The year 2020 can be described as the quintessential annus horribilis, the horrible year. The year began normally but by February, reports emerging from Wuhan province in China indicated that the world was facing an existential threat. The novel coronavirus which became known as Covid-19 broke out.
Soon it became evident that this was nothing like the Swine flu of 2009 caused by the H1N1 virus which killed about 200,000 people or even the Asian flu of 1957-1958 caused by the H2N2 virus which killed about one million people. Covid-19 was going to be more like the Spanish flu. That flu came in two waves, starting in 1918 and ending in 1920. The number of infected is staggering — as many as 500 million, with estimates of 50 million deaths worldwide, according to the US Centre for Disease Control. Isolation and quarantines were used to slow down transmission.
The Covid-19 pandemic has led to a dramatic loss of human life worldwide and presents an unprecedented challenge to public health, food systems and the world of work. The economic and social disruption caused by the pandemic is devastating: one and a three-quarter million have died, 80.5 million have been infected, tens of millions of people are at risk of falling into extreme poverty, while the number of undernourished people, currently estimated at nearly 690 million, could increase by up to 132 million by the end of the year. Commendably, The Gambia Government, like many other governments in the sub-region, attempted to mitigate the hardship by giving out rounds of food and cash relief to citizens and businesses like this very medium.
The pandemic has decimated jobs and placed millions of livelihoods at risk. As breadwinners lose jobs, fall ill and die, the food security and nutrition of millions of women and men are under threat, with those in low-income countries like The Gambia, particularly rural farmers, being hardest hit.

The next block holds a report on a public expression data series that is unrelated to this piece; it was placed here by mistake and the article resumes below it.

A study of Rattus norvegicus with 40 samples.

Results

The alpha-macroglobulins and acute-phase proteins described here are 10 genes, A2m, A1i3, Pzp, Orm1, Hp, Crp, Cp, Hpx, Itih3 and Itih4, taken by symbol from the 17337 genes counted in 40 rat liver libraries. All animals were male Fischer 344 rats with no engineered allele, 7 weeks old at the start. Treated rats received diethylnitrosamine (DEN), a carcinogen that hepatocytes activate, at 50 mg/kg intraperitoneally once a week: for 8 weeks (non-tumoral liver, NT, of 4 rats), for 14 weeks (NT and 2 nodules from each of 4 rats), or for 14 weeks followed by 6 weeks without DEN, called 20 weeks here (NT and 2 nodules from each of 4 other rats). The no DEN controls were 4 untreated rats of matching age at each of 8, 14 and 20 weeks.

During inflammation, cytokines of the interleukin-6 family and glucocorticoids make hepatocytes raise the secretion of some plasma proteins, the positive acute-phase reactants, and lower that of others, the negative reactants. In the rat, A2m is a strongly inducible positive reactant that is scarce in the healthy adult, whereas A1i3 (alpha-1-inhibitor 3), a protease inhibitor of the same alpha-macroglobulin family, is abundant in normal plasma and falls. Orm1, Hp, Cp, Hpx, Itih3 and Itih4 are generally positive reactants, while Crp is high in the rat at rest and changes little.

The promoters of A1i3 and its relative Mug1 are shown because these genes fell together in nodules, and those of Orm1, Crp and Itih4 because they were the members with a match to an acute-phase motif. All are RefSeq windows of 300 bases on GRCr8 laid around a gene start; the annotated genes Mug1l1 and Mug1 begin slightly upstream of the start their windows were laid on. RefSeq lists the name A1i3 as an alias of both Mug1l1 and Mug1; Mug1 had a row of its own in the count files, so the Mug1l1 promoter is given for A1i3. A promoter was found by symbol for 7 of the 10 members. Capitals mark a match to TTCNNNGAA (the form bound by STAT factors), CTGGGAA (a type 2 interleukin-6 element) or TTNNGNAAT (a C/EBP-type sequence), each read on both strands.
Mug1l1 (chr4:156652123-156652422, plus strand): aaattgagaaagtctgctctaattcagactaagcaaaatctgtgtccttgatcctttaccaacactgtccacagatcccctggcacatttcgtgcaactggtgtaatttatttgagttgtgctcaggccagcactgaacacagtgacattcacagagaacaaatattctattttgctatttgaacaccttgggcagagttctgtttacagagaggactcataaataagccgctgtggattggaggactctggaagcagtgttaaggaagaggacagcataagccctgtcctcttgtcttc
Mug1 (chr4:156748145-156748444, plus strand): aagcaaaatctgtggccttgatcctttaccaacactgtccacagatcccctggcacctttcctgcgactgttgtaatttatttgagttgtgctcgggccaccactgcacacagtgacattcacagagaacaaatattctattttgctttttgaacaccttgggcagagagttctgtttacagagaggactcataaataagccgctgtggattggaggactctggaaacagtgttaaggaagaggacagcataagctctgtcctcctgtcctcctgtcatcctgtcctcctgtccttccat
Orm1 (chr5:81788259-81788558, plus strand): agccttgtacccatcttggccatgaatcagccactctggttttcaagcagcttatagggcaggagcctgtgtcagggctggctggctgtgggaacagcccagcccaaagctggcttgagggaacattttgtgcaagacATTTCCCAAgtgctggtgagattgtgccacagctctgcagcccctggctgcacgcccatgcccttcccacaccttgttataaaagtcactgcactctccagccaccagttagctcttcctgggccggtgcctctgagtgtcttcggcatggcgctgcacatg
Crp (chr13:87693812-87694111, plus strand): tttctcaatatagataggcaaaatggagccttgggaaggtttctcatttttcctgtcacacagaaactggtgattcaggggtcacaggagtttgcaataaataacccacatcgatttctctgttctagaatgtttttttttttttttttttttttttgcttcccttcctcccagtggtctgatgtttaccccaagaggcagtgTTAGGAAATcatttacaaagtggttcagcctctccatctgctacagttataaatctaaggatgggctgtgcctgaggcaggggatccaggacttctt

Covid-19 has also laid bare the fragility of our public health system. Nineteen years ago, African governments made an historic pledge to allocate at least 15% of their annual budgets to the health sector. This vow became known as the Abuja Declaration. As Covid-19 spread and wreaked havoc across the world, the question asked was: What became of it?
Covid-19 has lifted the lid on the acute shortage of critical and lifesaving equipment such as ventilators and intensive care beds in Africa. According to the World Health Organisation in mid-April, there were just 2,000 ventilators across 41 African countries and 5,000 intensive care beds across 43. Ten countries did not have any ventilators at all. And, to make matters worse, Africa has a paltry number of medical personnel trained to operate them.
The dire shortage of medical capacity has put a spotlight on the poor state of public health systems in Africa and the distance yet to be travelled to ensure that health care is affordable and accessible to all persons. A report by the Mo Ibrahim Foundation showed that only ten African countries provide free and universal healthcare. An Afrobarometer report found that even before Covid-19, more than half of all people on the continent could not access necessary medical care at least once a year.
At the heart of our continent’s fragile health systems is the perennial failure by governments to prioritise health and allocate it adequate resources. The Abuja Declaration sought to correct this by securing a commitment of at least 15% of national budget for the health sector. But this target has proven elusive for many countries. In 2011, ten years after the declaration, 27 African countries had increased the proportion of their expenditure allocated to health. However, only two countries – Rwanda and South Africa – had reached the 15% target. Seven had actually reduced their health budgets as a proportion of their national budgets.
By 2016, the situation had deteriorated. 19 African countries were spending less on health as a percentage of their public spending than in the early 2000s. According to the WHO report, prioritising health on the continent has no direct relationship to a country’s wealth. It found that several countries with high per capita income – such as Algeria, Botswana, Equatorial Guinea, Gabon, Mauritius, Seychelles and South Africa – do not systematically spend more of their budgets on health.
Meanwhile, some lower income countries – such as The Gambia, and Malawi – have in fact surpassed the 15% Abuja target for several years. Yet our public health system is nowhere near satisfactory not to talk about being excellent. Therefore we must go back to the drawing board and see how we better protect the health, livelihoods and food security of all people, and ensure that our ‘new normal’ is a better one.
As we say goodbye to the annus horribilis of Covid-19 and the orange Satan that is Donald Trump, we pray to the Great God of nations to usher in 2021, an annus mirabilis, a wonderful year, a year of hope, of recovery and decency.